Last week, I heralded the wisdom and brilliance of my father. While I still hold that my father eats lightning and discharges marble, he was never alone. Those who know me well, understand that there is absolutely no way that one person alone could have parented me. It took a village... and a belt... and many hours of detention. Most importantly, it took my mother, Saint Barbara. While teachers, parents, and coaches had all kinds of psychological buzz words to describe my hyper-intensive craziness, mom insisted that I was just "busy." God bless her.

Fortunately for me, God did bless her with patience, vision, dignity, and incredible no-nonsense intuition. Every Saturday morning, I call mom and get some of the best business and personal coaching/mentoring I have ever received. My mom rose from being a modest part-time nurse to an Executive Director at one of Virginia's largest healthcare providers as well as one of the leading geriatric memory-care experts. To get business council from mom has been a journey in grace, encouragement, and witnessing a real-life BS detector. So similar to last week's blog, here are some bite-sized business lessons mom has tried to instill in me over the years.

1. Do what's on your name tag.

The modern workplace can be an incredibly distracting place. Email, voicemail, snail-mail, female/male, fantasy football, meetings about reports, reports about meetings, break rooms, meetings that are so purposeless and lengthy that they ought to be on CSPAN, copier rebellion... did I mention meetings? Get the picture? Oh you're working alright, you just aren't doing what you are actually paid to do! Take some advice from mom and check your name tag. If you are in sales, then your job is to be asking qualified prospects to buy. If you are a customer service representative, then your job is to be serving customers. If you are a rocket scientist, then your job is to be inventing a flying car or a time machine. Everything else you are doing is artificial accomplishment. If your work were a meal, doing things at work that are not on your name tag would be the starch.

2. Know your knives and forks.

I know, I know, we are all casual now and we all "work so much more efficiently in sweat pants and flip flops while using the same fork for our salad, sushi, and desert" but we owe it to ourselves (and our mothers) to know our manners, etiquette, and how to dress for the occasion. If you are in the business world and you still don't own a decent suit, can't figure out what fork to use, and think your napkin makes a great Kleenex, you're hurting yourself. Sit up straight, put on a clean shirt, make eye contact, and, for goodness sake, pull up your pants.

3. If you can't say something nice, don't say anything.

Everyone is entitled to your opinion, right? Not necessarily. When your opinion carries the sensitivity and diplomacy of Oscar the Grouch being jet lagged with a nasty case of Tourette's, you may want to do yourself a favor and hush. Even if could teach a thing or two about couth, silence makes you look smart. As King Solomon said thousand of years ago, "when words are many, sin is not absent.". Or was it "who has time to talk when you are surrounded by thousands of nagging wives?". I forget. Regardless, he was a wise man.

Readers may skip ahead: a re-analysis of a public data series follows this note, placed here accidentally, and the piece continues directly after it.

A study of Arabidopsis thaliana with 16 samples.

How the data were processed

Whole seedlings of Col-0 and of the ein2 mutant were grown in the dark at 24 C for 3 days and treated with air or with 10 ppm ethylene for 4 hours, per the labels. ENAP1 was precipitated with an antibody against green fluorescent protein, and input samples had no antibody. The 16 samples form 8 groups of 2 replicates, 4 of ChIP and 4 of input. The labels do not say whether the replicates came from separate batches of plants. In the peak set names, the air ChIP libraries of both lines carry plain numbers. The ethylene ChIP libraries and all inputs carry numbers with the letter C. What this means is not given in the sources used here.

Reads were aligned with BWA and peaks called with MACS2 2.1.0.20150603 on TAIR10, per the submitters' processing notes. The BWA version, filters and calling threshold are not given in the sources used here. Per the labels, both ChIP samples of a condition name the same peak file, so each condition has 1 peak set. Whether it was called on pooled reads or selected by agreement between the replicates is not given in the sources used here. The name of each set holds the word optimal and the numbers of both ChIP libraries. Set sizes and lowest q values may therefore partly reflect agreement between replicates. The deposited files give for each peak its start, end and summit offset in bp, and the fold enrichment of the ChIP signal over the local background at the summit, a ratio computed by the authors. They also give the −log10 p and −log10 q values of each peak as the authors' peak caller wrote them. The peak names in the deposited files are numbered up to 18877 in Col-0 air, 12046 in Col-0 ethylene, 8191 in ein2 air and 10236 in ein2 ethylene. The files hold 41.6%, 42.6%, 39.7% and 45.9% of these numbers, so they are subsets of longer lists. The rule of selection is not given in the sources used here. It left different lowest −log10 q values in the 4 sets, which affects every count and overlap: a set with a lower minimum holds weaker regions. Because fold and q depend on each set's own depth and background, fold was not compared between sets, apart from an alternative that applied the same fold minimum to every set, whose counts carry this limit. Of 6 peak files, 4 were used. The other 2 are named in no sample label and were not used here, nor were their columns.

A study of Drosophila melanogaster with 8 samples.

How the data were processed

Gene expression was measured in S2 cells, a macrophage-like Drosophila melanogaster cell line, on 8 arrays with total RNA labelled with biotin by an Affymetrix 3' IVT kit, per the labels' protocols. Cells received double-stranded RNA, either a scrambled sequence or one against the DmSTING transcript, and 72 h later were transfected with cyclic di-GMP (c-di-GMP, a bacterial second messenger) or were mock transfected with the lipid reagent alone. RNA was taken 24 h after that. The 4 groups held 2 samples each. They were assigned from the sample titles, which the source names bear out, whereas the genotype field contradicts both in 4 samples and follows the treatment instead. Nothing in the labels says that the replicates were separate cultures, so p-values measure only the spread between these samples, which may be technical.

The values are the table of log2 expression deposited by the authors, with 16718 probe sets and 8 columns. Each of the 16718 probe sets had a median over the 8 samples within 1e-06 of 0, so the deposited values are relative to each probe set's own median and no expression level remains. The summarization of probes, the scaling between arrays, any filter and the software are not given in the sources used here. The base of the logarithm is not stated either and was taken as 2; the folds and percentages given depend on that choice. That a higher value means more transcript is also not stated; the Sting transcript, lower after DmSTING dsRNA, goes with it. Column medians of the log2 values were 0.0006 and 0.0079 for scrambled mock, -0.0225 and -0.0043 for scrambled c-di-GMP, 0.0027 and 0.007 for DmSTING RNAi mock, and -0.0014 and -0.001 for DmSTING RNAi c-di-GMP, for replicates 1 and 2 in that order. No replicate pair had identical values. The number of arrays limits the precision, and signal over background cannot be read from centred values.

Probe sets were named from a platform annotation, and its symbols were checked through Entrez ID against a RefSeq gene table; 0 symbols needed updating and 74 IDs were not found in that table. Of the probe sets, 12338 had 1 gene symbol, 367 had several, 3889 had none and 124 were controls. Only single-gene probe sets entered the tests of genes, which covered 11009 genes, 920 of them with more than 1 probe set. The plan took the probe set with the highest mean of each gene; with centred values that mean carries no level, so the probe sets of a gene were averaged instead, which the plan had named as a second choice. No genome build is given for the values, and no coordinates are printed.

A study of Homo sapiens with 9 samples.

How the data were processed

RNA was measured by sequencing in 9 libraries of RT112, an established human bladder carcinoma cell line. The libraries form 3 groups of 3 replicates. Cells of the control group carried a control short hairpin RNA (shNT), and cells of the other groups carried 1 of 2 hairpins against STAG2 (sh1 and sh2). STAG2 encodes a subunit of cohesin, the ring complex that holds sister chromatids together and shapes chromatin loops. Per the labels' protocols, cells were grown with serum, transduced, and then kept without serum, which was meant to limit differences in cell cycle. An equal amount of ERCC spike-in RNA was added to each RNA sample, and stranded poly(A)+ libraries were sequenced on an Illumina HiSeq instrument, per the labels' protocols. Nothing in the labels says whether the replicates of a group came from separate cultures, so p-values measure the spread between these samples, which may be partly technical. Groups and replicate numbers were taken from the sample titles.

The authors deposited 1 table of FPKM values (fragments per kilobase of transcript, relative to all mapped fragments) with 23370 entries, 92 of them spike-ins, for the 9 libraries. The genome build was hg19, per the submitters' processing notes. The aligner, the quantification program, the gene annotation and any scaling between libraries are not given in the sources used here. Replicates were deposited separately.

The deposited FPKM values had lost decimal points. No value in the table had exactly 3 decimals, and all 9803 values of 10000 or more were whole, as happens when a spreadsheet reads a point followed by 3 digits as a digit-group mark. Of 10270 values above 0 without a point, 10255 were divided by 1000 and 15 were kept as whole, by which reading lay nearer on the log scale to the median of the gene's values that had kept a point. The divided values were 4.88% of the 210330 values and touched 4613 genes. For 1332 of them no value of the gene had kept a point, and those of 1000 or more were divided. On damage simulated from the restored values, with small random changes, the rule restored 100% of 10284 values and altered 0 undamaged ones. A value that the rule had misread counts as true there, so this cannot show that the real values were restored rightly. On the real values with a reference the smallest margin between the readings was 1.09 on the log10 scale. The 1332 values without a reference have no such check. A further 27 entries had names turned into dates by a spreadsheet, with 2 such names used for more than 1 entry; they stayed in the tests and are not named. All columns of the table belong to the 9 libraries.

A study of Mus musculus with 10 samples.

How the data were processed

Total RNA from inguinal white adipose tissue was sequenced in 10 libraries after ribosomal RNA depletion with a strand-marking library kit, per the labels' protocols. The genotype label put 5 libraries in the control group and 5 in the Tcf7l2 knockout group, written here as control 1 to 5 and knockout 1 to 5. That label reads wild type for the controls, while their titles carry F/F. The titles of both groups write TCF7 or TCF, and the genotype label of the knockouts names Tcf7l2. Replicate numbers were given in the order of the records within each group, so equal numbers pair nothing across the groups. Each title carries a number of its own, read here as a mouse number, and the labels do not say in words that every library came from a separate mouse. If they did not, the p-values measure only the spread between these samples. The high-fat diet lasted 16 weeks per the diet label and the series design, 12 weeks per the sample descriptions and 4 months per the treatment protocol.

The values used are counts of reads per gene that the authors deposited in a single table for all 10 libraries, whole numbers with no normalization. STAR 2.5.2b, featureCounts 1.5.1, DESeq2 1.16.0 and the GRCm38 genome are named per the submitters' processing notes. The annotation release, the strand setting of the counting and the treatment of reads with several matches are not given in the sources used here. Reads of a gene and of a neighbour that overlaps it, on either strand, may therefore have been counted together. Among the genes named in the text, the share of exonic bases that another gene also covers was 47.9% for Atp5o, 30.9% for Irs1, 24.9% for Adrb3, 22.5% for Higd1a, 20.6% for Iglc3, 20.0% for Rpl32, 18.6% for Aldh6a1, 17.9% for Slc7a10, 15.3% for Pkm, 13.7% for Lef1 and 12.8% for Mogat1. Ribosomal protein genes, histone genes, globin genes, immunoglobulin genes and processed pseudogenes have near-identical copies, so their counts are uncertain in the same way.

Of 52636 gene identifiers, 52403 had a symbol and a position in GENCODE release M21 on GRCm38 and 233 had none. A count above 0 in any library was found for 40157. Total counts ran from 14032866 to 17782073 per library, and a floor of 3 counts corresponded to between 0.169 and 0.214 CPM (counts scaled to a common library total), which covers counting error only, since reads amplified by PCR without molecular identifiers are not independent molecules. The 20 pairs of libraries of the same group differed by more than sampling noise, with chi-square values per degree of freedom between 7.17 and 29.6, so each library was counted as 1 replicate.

4. Respect those older than you.

That does't mean treating those older than you as weaker subjects. It means coming to the realization that just turning old enough to drink doesn't equate to being brilliant. No matter how much you know, someone older and wiser has been there before. Some of the best insight as to what’s really important you will ever get will come from people who have walked the Earth longer than 60 years.

5. Wait until your father gets home.

I call this, "mission unity" Much is written about the subject of teamwork, but mom and dad made sure I knew that playing one parent off the other wouldn't work. When it came to running the house, mom and dad were one. At least it appeared that way to me and, since the odds were in their favor, resistance was futile. On the subject of dad getting home, my parents always made time when they got home from work for each other exclusive of kids for an hour. They sat together and talked. They called it “adult time” and 44 years later, they still have a great marriage.

Hey mom, thank you for modeling what it is to be a no-nonsense, graceful, and adventurous person. I love the song in your heart and can't wait for Saturday's next call.

Views: 117

Comment by Sandra McCartt on October 17, 2010 at 3:46pm
I really, really like your mother. I bet she told you that a gentleman takes his hat off in the house. I think that means those instruments of the devil called baseball caps that the male populace seems to think are to be left on in restrauants and everyplace else. Yuck!
Comment by Robert Dearmon on October 17, 2010 at 5:02pm
Thanks, Sandra. Baseball caps came into vogue when "men" stopped combing their hair before leaving the house. Restaurants, church and the playing of the national anthem are no place for baseball caps. For more on this, watch
Comment by Sandra McCartt on October 18, 2010 at 4:25pm
i love it, love it, love it, love it. So it has to do with combing of hair. I have reached the point that i was convinced that part of the male anatomy must drop off if the clods removed their nasty baseball caps. Have you ever noticed that a baseball cap and big sunglasses makes all of them look alike. Add a scruffy five day shadow and one could line them up in a police line up with no positive id being possible. I am sending that link to everybody i know who knows how badly i hate those damn things. Thanks for a giggle.